Complete Azimjon Askarov Investigation; Provide Redress

Ethnic Uzbek journalist Azimzhan Askarov, who was arbitrarily arrested, tortured, convicted after an unfair trial and jailed for life looks through metal bars during hearings at the Bishkek regional court, Kyrgyzstan, Tuesday, Oct. 11, 2016.  © 2016 Vladimir Voronin/AP Photo

Azimjon Askarov, a human rights defender and advocate for marginalized communities in southern Kyrgyzstan, should have turned 72 this year. He should be enjoying life with his wife, children, and grandchildren, happily painting landscapes and portraits. Instead, he died in prison three years ago today, held on spurious charges. For this, no one has been held responsible.

Askarov had been serving a life sentence following an unfair trial on politically motivated charges relating to the June 2010 inter-ethnic conflict in southern Kyrgyzstan.

In March 2016, the United Nations Human Rights Committee found that Askarov had been arbitrarily detained and called for his immediate release. Kyrgyzstan’s government did not comply, in violation of its obligations under the International Covenant on Civil and Political Rights.

Kyrgyzstan’s prison service said Askarov died on July 25, 2020 of complications from Covid-19. However, Askarov’s health had deteriorated significantly during his imprisonment, and he became severely ill in the days before his death. Despite repeated requests from Askarov’s lawyers, as well as various international bodies, prison authorities refused to release Askarov on humanitarian grounds.

An investigation into his death was rife with procedural violations and conflicts of interest, and the authorities closed the case in June 2021.

After repeated appeals and mounting pressure from national and international human rights organizations, the investigation was reopened in September 2021. However, Bir Duino, a human rights organization representing Askarov’s widow, Khadicha Askarova, told Human Rights Watch there has been no public report outlining the investigation’s findings and that authorities returned the case to prison authorities, raising concerns about the investigation’s fairness.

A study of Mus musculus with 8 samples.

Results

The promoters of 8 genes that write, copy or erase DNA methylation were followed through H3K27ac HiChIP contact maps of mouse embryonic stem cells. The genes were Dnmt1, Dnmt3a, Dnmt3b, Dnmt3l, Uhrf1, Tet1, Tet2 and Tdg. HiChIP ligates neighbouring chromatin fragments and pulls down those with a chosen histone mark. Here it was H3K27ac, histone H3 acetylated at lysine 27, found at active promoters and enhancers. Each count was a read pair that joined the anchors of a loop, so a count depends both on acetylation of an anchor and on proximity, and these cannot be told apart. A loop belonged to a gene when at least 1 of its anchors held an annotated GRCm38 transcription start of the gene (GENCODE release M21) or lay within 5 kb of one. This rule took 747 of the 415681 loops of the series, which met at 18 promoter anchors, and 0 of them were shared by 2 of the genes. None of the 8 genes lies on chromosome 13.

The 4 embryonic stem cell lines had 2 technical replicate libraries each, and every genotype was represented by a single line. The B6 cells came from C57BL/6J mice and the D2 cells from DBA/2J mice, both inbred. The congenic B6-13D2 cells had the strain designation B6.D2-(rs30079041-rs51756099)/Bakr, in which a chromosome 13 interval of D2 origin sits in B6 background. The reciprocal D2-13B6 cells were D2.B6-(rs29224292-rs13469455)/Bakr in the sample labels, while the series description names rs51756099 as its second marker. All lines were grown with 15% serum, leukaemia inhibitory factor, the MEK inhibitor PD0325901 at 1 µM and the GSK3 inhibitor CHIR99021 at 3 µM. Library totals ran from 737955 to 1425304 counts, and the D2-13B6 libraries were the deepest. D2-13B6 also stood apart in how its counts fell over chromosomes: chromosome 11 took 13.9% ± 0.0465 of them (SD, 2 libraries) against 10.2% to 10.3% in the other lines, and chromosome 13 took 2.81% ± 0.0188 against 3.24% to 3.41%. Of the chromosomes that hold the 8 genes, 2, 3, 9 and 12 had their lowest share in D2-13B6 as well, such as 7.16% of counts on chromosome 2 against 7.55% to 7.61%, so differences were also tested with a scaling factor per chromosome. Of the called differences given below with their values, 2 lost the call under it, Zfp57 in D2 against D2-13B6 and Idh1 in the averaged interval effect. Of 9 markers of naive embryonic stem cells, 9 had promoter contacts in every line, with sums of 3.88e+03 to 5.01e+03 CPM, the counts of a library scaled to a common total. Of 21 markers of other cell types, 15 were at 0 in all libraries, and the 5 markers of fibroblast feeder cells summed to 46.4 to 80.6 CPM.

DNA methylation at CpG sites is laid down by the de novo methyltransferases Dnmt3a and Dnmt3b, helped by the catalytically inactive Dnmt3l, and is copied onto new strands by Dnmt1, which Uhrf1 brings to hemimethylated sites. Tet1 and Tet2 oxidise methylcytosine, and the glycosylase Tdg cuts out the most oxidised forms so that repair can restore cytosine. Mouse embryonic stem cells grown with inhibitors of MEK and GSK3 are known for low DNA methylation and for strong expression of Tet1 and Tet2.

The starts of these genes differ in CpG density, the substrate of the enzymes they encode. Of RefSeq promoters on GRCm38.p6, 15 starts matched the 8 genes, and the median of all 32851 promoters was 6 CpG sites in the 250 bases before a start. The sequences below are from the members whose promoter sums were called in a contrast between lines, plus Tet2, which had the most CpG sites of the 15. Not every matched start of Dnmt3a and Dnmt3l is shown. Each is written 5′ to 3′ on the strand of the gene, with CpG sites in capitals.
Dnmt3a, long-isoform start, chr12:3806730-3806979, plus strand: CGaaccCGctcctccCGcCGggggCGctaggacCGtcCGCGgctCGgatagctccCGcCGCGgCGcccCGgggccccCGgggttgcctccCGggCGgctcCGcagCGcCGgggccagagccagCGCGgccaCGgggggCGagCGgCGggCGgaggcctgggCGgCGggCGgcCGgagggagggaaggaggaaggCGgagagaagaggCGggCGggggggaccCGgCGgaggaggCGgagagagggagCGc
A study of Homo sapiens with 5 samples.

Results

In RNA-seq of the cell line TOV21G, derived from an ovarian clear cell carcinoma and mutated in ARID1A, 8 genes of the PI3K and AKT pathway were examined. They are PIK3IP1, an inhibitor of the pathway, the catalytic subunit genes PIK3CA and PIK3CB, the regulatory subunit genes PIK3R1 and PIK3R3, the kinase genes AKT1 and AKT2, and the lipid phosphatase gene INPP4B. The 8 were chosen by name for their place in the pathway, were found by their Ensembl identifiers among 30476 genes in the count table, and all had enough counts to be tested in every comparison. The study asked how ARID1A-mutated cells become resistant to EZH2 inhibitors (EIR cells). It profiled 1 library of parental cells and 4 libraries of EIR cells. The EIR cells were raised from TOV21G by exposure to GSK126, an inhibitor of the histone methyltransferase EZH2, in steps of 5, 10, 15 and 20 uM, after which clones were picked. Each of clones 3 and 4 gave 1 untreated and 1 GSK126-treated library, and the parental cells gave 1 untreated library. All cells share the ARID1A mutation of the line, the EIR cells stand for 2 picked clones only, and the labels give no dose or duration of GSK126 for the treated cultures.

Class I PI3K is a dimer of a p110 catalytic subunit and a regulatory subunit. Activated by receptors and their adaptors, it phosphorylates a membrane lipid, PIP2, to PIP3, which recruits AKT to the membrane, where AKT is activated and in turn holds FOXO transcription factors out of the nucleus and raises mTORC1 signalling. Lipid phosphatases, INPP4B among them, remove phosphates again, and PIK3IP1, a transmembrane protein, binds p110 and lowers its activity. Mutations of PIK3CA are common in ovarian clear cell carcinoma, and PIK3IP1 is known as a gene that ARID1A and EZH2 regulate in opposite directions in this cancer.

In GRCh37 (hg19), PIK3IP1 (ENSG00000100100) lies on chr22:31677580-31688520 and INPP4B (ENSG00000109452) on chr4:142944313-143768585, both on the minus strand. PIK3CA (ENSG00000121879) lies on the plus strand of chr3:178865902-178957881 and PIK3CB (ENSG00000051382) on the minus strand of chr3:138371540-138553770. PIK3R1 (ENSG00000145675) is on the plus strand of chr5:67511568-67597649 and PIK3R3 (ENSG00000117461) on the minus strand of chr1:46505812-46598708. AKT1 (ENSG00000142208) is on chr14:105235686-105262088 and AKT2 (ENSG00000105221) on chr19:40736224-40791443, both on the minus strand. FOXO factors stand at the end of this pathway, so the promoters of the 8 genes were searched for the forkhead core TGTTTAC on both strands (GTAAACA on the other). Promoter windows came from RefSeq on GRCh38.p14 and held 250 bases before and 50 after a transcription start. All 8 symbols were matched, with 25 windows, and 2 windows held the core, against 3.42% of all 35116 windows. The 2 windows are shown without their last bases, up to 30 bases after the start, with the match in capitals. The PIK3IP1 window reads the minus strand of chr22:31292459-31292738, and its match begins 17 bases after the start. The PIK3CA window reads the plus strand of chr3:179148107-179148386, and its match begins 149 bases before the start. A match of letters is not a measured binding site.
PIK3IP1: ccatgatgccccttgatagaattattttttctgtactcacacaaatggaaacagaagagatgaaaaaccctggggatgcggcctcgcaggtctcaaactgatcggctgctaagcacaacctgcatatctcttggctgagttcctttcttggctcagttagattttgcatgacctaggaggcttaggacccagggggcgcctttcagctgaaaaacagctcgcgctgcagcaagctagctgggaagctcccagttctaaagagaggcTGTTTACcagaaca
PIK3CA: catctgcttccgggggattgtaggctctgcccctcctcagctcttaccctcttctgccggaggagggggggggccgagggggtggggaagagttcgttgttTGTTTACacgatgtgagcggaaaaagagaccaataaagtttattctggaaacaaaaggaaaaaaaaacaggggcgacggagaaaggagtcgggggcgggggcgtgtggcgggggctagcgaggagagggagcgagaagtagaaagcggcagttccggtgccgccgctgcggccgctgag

Askarov’s arbitrary arrest, unfair trial, and mistreatment in prison reflect Kyrgyzstan’s broader politicization of justice. Two dozen activists, journalists, and politicians are currently being tried behind closed doors for involvement in a peaceful protest over water resource management. They’ve been in pretrial custody since October 2022. A spate of new legislative proposals aims to crack down on media and civil society.

In February, Kyrgyzstan became a member of the UN Human Rights Council, pledging to strengthen cooperation with international human rights mechanisms. To meet its commitment, the Kyrgyz government should respect the Human Rights Committee’s decision, quash Askarov’s conviction, complete an effective and impartial investigation into his death, and provide his family appropriate redress. But if it’s serious about righting the wrongs done to Azimjon Askarov, the government should urgently release all those wrongly imprisoned for exercising their fundamental rights.